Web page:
COVID-19 rates still on the rise
Don’t let down your guard just yet
Back in March of 2020 when the global coronavirus pandemic took hold, states and local governments in the United States instituted varying degrees of lock downs aimed at stopping the spread of the virus, which was initially thought to be spread primarily through contact with contaminated surfaces as well as through respiratory droplets.
Infections, hospitalizations and deaths were trending upward when Governor Charlie Baker issued a stay-at-home order that shut down businesses, schools and places of public accommodation. While infections dropped to a seven-day average of just 150 cases by June they shot up to more than 6,000 in January after state and local officials began relaxing restrictions on activities such as retail and as college students and some K-12 schools reopened.
Case numbers dropped to an average of 1,300 in March as the second surge subsided, but now, as K-12 schools across the state are reopening and restaurants have opened their doors to diners, cases have again reached a seven-day average above 2,000.
So what’s driving the resurgence in COVID cases?
Public health experts give differing assessments. Some have cited “pandemic fatigue” — the idea that after a year of people practicing social distancing and often remaining isolated from friends and family, many are relaxing their guard.
But U.S. Centers for Disease Control Director Rochelle Walensky delivered a sobering warning last week, saying she has a feeling of “impending doom,” commenting on COVID infection rates rising across the country as some state have ditched mask mandates and many others have taken steps to reopen their economies as more and more Americans are vaccinated.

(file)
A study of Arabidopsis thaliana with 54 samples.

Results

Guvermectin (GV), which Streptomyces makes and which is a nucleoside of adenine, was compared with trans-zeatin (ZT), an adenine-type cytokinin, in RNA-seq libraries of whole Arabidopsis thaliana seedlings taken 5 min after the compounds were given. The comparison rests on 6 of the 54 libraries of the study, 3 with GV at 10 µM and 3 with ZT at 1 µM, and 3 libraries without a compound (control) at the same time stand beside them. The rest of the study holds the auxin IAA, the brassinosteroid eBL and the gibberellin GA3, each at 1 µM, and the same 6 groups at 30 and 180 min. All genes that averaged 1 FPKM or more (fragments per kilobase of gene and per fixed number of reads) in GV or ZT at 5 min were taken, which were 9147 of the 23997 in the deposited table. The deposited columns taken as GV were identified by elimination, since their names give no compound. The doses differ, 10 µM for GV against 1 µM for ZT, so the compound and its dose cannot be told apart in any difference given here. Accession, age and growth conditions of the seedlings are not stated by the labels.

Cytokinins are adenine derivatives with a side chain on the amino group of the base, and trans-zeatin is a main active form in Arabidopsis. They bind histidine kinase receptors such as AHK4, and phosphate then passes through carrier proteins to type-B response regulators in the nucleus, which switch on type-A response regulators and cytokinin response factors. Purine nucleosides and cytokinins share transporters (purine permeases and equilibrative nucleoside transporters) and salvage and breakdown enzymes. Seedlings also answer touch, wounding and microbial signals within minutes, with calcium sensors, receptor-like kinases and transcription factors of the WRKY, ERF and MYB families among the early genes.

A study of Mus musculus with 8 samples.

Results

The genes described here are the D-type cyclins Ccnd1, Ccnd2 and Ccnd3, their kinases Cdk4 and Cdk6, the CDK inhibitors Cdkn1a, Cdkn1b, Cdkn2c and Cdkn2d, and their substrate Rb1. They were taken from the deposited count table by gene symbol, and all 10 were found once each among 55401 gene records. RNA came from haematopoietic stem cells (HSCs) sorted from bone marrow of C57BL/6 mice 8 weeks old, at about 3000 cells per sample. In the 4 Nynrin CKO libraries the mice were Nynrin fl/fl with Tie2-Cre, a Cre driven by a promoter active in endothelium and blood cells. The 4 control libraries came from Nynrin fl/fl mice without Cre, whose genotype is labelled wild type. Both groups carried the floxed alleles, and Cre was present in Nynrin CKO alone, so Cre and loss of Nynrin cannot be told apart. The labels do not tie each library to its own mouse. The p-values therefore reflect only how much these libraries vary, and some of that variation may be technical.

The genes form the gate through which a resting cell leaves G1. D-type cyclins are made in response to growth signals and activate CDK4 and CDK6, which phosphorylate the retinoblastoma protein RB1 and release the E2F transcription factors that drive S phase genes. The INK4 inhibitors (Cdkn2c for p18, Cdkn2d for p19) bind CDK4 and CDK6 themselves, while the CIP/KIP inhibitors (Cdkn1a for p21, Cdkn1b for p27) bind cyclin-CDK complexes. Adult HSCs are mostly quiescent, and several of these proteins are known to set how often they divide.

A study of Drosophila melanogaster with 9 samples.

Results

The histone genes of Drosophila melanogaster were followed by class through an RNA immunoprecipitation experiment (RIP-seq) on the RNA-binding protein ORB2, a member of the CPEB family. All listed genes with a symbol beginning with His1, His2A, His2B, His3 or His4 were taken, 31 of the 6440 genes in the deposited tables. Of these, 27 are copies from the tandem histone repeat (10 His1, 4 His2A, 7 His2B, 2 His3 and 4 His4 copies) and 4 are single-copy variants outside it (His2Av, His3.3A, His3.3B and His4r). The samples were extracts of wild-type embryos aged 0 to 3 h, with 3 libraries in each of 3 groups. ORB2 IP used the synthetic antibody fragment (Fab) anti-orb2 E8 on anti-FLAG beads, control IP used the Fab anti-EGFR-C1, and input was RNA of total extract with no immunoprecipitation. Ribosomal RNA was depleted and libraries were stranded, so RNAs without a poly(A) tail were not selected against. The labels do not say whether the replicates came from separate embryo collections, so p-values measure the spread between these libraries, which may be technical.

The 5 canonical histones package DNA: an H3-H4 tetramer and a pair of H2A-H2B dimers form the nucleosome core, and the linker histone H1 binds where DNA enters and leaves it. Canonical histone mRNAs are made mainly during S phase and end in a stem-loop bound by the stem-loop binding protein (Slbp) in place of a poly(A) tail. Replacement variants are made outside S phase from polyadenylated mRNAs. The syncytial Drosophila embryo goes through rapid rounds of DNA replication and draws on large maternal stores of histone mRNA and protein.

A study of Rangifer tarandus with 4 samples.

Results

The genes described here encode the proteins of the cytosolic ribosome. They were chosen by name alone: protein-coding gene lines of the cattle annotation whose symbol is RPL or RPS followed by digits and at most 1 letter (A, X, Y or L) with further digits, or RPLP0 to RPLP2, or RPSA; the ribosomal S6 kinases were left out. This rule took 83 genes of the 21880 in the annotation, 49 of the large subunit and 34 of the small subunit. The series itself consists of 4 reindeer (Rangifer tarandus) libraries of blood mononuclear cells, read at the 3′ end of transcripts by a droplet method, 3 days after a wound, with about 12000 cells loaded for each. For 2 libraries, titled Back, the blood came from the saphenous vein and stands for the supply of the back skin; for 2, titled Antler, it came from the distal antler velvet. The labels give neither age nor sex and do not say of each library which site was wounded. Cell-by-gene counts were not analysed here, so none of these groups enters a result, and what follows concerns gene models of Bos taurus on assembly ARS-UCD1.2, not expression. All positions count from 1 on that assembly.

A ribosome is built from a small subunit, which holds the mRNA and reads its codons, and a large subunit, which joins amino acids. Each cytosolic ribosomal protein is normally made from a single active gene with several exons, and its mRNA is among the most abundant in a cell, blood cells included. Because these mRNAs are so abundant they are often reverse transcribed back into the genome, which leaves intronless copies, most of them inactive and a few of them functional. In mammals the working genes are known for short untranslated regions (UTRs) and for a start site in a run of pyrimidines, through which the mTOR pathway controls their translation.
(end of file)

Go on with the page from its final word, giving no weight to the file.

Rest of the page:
“We have so much reason for hope, but right now I’m scared,” Walensky said during a press briefing last week.
State officials including Gov. Charlie Baker have also cited social gatherings as a potential driver for the increase in COVID cases in Massachusetts. State guidelines call for gatherings of no more than 10 people indoors or 25 people in outdoor gatherings.
State residents have been complying with those mandates with varying degrees of success. As spring weather has taken hold, teens and young adults have been engaging in outdoor activities. On recent afternoons, a Banner reporter has observed young adults playing basketball and gathering outdoors largely unmasked.
State and local officials have confirmed that people age 29 and younger account for more than half of the new cases. Although younger people are less likely to require hospitalization for COVID infections, they are not immune to long-term effects of the infection, which can include damage to the heart, lungs and nervous system.
At the same time, as the state has relaxed restrictions on indoor dining, the potential for spread may be increasing as diners remove their masks to eat. This problem could be compounded as municipalities comply with a state mandate to return to five-days-a-week of in-person instruction in K-12 schools, with students removing their masks to eat in classrooms and cafeterias.
Also free to open at 50% capacity are fitness centers and health clubs, although patrons and staff are required to wear face coverings in such facilities. All indoor gatherings are limited to 100 people. Outdoor gatherings are limited to 150 people.
In her remarks to reporters last week, Walensky stressed that the Americans must continue to take the protective measures that have so far proven effective in combatting the spread of the virus.
“Wear your masks, continue to distance and do the things that keep you safe,” she said.